Service Dogs for Veterans
Contact Your Members of Congress
Urge the Senate to enact S. 613, the Puppies Assisting Wounded Service members (PAWS) for Veterans Therapy Act. The House of Representatives approved H.R. 1448 on May 12, with strong bipartisan support. It is time for the Senate to act.
The bill establishes a five-year pilot program allowing veterans with post-traumatic stress disorder (PTSD) to work with service dogs. After graduating from training, the veteran can adopt his or her newly-certified canine partner to provide continuous treatment. The Department will implement and evaluate the pilot program, and determine the feasibility and advisability of expanding the pilot program to address mental health conditions other than PTSD.
Eligible veterans would have to be enrolled in the Department of Veterans Affairs (VA) patient enrollment system and recommended by a qualified health-care provider or clinical team. The pilot program would ensure the program is carried out by at least five VA medical centers located in geographically diverse areas.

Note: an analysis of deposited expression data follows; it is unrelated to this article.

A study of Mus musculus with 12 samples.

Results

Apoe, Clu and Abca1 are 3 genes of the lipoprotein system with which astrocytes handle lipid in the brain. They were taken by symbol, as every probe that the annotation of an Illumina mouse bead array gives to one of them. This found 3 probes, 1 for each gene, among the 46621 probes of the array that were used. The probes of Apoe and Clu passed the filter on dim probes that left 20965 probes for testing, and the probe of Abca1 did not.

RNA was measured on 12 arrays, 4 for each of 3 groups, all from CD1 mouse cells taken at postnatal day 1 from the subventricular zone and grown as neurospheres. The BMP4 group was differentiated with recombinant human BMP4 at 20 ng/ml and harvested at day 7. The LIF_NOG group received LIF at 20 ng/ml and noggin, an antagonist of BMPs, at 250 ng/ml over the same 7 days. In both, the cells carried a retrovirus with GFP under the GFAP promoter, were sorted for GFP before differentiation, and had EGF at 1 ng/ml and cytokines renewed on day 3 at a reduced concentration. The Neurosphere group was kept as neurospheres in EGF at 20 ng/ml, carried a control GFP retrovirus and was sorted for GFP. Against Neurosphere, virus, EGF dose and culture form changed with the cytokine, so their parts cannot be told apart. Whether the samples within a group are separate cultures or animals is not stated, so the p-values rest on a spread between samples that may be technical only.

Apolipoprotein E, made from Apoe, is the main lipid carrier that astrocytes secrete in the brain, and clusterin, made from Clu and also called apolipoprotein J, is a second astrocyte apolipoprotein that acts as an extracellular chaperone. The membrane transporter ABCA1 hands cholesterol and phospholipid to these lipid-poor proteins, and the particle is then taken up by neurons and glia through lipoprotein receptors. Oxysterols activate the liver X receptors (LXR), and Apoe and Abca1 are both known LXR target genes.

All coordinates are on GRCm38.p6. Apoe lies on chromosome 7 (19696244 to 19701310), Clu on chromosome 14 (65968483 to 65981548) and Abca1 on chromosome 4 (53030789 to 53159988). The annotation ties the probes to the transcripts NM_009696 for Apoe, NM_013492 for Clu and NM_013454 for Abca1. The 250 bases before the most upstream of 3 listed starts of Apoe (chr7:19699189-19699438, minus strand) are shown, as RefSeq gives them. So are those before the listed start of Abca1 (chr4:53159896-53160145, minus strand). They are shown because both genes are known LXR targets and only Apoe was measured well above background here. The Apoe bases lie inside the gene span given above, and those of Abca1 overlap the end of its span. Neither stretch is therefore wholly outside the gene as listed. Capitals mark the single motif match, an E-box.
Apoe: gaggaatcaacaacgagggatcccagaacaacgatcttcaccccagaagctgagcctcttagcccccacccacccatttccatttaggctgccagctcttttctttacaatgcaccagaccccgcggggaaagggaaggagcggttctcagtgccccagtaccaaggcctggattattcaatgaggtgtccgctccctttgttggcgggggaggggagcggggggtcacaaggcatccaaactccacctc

The VA would enter into agreements with nonprofit groups to implement the program. Those entities would have to: certify they are an accredited service dog training organization; provide veterans with training from a certified service dog training instructor; prohibit participant access to a dog without supervision; train dogs to develop skills unique to the veterans’ needs; offer follow-up training support for veterans who choose to adopt for the remainder of the dog’s life; and use positive reinforcement training, agreeing not to use shock or prong collars.
Veterans could adopt a dog that they trained if they decide, in consultation with a health-care provider, that adoption is in their best interest. It is important to make certain that participating in the program wouldn’t prevent veterans from receiving other forms of VA medical care to treat PTSD.